Human Rights-Based Migrant Integration Policy: Lessons from Ireland – Part I
The issue of migrant integration has become a key policy area for many European countries, as well as the European Union (“EU”) level. “Integration” is a notoriously difficult idea to pin down, and both the meaning and measurement of integration remain controversial. Some commentators view the idea as inherently negative and as representing a rejection of diversity by migrant receiving societies. Integration is sometimes associated with assimilation, discrimination and a retreat from multiculturalism. One important illustration of this restrictive turn is the use of integration “tests” by many European states as a mandatory condition for access to family reunification and citizenship rights, for example. At the same time, however, competing narratives of integration centred on holistic, two-way paradigms of social inclusion continue to emerge from NGOs, international organisations and academics.
The case for a human rights-based approach
It is clear that, in practice, integration measures can result in the primary responsibility for integration being shifted away from the state and on to migrant individuals and communities. Given this, we argue that current measurements of integration such as the Zaragoza indicators developed by the EU, which focus primarily on outcomes, are insufficient for the purposes of understanding how to develop effective and participatory integration policies. They do not track progress towards these outcomes, and they do not adequately identify the objectives which should inform state policy on integration. As a consequence, they miss opportunities for intervention directed at “full participation and integration of migrants”.
We argue that integration must be considered a long-term process, and that the normative goal of this process should be the full realisation of the human rights of migrants and their inclusion as equal members of society. Moreover, in the Irish context, public bodies are now required to apply a human rights and equality lens to their integration policies and practices under the general public sector duty laid down in the Irish Human Rights and Equality Commission Act 2014. This is similar to the public sector equality duty under the Equality Act 2010 in the UK.
Supporting human rights-based integration policy development by public bodies
With all of this in mind, public sector bodies should be supported in developing integration policies which are fully consistent with the highest international human rights standards. Our project (funded by the Irish Human Rights and Equality Commission) has devised a model of best practice for integration policy based on international human rights law standards, against which we can assess public sector integration policy-making.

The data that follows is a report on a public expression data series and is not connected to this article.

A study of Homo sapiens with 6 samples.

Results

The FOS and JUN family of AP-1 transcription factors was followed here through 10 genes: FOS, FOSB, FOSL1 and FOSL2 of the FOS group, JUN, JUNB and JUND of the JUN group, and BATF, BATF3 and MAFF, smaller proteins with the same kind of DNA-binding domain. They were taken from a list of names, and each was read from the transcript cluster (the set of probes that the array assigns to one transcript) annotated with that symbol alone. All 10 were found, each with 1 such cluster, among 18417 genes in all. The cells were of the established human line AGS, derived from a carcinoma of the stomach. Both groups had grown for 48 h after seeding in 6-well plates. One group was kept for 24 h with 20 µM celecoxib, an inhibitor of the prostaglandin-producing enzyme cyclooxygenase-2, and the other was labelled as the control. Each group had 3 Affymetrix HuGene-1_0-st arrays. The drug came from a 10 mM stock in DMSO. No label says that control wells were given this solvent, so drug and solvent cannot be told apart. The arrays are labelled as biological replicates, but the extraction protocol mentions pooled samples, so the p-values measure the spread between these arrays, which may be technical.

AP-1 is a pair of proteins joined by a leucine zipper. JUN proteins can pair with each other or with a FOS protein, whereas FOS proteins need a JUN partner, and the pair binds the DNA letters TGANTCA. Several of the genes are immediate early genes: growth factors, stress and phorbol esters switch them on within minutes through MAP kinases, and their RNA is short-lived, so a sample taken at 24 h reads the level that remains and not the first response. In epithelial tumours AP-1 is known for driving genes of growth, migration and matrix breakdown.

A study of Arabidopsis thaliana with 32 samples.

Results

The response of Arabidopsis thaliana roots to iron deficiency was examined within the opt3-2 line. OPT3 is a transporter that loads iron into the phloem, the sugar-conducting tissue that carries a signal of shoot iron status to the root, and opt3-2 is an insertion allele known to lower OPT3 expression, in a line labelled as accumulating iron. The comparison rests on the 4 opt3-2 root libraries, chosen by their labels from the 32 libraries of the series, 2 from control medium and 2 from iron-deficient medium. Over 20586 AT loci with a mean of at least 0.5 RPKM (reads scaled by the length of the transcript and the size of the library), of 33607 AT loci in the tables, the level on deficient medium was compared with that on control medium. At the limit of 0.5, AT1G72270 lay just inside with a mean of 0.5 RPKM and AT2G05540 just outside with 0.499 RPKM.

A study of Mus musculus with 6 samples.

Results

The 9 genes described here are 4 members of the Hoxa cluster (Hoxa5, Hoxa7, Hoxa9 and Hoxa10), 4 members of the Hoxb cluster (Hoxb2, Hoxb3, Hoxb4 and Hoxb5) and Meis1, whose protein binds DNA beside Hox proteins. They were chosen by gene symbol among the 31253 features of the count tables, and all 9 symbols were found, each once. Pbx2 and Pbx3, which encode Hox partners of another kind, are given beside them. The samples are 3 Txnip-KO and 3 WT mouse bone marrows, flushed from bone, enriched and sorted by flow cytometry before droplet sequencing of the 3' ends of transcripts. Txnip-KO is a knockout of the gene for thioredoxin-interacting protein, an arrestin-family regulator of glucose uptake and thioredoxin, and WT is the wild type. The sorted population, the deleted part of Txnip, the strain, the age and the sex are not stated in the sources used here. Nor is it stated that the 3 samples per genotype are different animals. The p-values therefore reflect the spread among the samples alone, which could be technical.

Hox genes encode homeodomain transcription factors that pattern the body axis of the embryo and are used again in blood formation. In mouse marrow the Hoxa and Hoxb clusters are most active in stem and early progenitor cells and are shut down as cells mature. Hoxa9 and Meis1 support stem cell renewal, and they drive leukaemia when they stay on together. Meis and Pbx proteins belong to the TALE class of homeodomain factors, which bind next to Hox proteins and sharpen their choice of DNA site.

What does a human rights-based model of integration look like?
Our human rights model uses as its foundation the concept of integration under construction by the UN treaty bodies established under the International Covenant on Civil and Political Rights; the International Covenant on Economic, Social and Cultural Rights; and the International Covenant for the Elimination of all forms of Racial Discrimination. This concept has been identified primarily through an analysis of these bodies’ concluding observations on periodic state reports up to December 2017.
The common thread in the work of the three bodies which we have studied is the insistence on the protection of the human rights of migrants and the creation of equal opportunities through rights protection. There is also a strong emphasis on putting in place policies which are actually effective in their aim to include migrants as equal members of society. The human rights approach is based on individual equality, interculturalism, and state responsibility for social inclusion; setting it apart from other initiatives and models such as the EU’s Common Basic Principles. Drawing on the approach of the human rights treaty bodies, we have found that the basic elements of a human rights-based approach to integration are:
- A commitment to the State’s positive duty to eliminate discrimination.
- The implementation of practical measures to ensure equality of opportunity in respect of civil, political, social and economic rights, for all people resident in the State.
- The active promotion of tolerance and respect for cultural and linguistic diversity.
- A rejection of the ideas of (i) cultural assimilation; (ii) a one-sided notion of integration which places the onus of ‘integration’ primarily on the individual; and (iii) integration ‘testing’ of individuals.
Audit and review of public sector integration policies in Ireland
Having developed a model of best practice for integration policy, based on human rights and equality principles, the next stages of our project conducted an audit and human rights review of the integration policies of public bodies in Ireland. We will highlight some of the results of this audit and review in the second part of this post, which will appear on the blog in the coming weeks. These results will also appear in our project report, which was published today, 27 November 2017.